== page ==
The **key difference between Gay-Lussac’s law and Avogadro’s law** is that Gay-Lussac’s law indicates that the volume of a gas is directly proportional to the temperature of the gas, whereas Avogadro’s law states that the volume of a gas is directly proportional to the number of molecules in the gas.

Gay-Lussac’s law describes the varying of the pressure of a particular mass of a gas directly with the absolute temperature of the gas upon constant volume. Avogadro’s law is an experimental gas law that states that the volume of a gas is related to the amount of substance gas present in a given sample.

### CONTENTS

1. Overview and Key Difference

2. What is Gay-Lussac’s Law

3. What is Avogadro’s Law

4. Gay-Lussac’s Law vs Avogadro’s Law in Tabular Form

5. Summary – Gay-Lussac’s Law vs Avogadro’s Law

## What is Gay-Lussac’s Law?

Gay-Lussac’s law describes the varying of the pressure of a particular mass of a gas directly with the absolute temperature of the gas upon constant volume. It is sometimes named Amonton’s law. We can give a mathematical expression for this law as follows:

**P/T = k**

In this equation, P refers to the pressure, t refers to the absolute temperature, and k is a constant. We can say that this is a special case of ideal gas law.

A derivative of this law is the Pressure-temperature law, which describes the relationship between the pressure and temperature of a certain mass of a gas at a constant volume.

According to the law of combining volumes, gases react with each other by means of volume, and they react in simple whole number ratio at constant temperature and pressure conditions. In other words, the ratio between the volumes of the reactant gases and the gaseous products can be given in simple whole numbers. Gay Lussac was one of the first scientists to discover this relationship, which led to the derivation of Avogadro’s law.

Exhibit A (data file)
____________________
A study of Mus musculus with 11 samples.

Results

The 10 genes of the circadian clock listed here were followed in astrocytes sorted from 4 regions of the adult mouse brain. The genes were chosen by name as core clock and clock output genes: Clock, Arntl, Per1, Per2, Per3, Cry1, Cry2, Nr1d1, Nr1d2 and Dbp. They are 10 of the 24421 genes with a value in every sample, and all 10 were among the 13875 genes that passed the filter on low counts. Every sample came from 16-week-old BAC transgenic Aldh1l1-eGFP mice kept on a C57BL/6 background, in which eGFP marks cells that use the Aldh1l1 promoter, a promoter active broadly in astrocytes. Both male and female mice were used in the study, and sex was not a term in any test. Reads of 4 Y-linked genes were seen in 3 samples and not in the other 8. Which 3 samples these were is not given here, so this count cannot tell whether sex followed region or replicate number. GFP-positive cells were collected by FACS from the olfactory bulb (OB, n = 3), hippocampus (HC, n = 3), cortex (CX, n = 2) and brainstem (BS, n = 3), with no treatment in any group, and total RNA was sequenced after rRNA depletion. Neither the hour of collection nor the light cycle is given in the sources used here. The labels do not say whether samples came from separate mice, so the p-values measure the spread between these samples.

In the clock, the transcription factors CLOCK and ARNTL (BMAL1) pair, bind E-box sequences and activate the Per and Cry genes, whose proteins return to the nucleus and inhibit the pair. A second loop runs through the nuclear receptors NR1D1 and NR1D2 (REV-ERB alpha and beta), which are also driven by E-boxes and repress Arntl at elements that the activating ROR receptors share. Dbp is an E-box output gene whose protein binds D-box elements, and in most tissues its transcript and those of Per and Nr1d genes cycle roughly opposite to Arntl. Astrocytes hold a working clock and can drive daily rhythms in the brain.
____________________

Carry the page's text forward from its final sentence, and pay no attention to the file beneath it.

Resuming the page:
## What is Avogadro’s Law?

Avogadro’s law is an experimental gas law that states that the volume of a gas is related to the amount of substance gas present in a given sample. It is also named Avogadro’s hypothesis or Avogadro’s principle. This is a specific form of ideal gas law. This law was named after Amedeo Avogadro in 1812.

According to modern descriptions, Avogadro’s law states that equal volumes of all gases which are in an equal temperature and pressure condition have the same number of molecules. For example, equal volumes of hydrogen gas and nitrogen gas consist of an equal number of atoms when these two gases are in the same temperature and pressure. Practically, real gases show small deviations from the ideal gas behaviour where the law holds only approximately accurate. However, it is still an important approximation for scientists. Mathematically, the law is as follows:

**V/n = k**

Where V is the volume of the gas, n is the amount of substance of the gas in the sample, and k is a constant value given for a particular temperature and pressure.

## Difference Between Gay-Lussac’s Law and Avogadro’s Law

Gay-Lussac’s law and Avogadro’s law are two important gas laws. The key difference between Gay-Lussac’s law and Avogadro’s law is that Gay-Lussac’s law indicates that the volume of a gas is directly proportional to the temperature of the gas, whereas Avogadro’s law states that the volume of a gas is directly proportional to the number of molecules in the gas.

The following table summarizes the difference between Gay-Lussac’s law and Avogadro’s law.

## Summary – Gay-Lussac’s Law vs Avogadro’s Law

Gay-Lussac’s law and Avogadro’s law are two important gas laws. The key difference between Gay-Lussac’s law and Avogadro’s law is that Gay-Lussac’s law indicates that the volume of a gas is directly proportional to the temperature of the gas, whereas Avogadro’s law states that the volume of a gas is directly proportional to the number of molecules in the gas.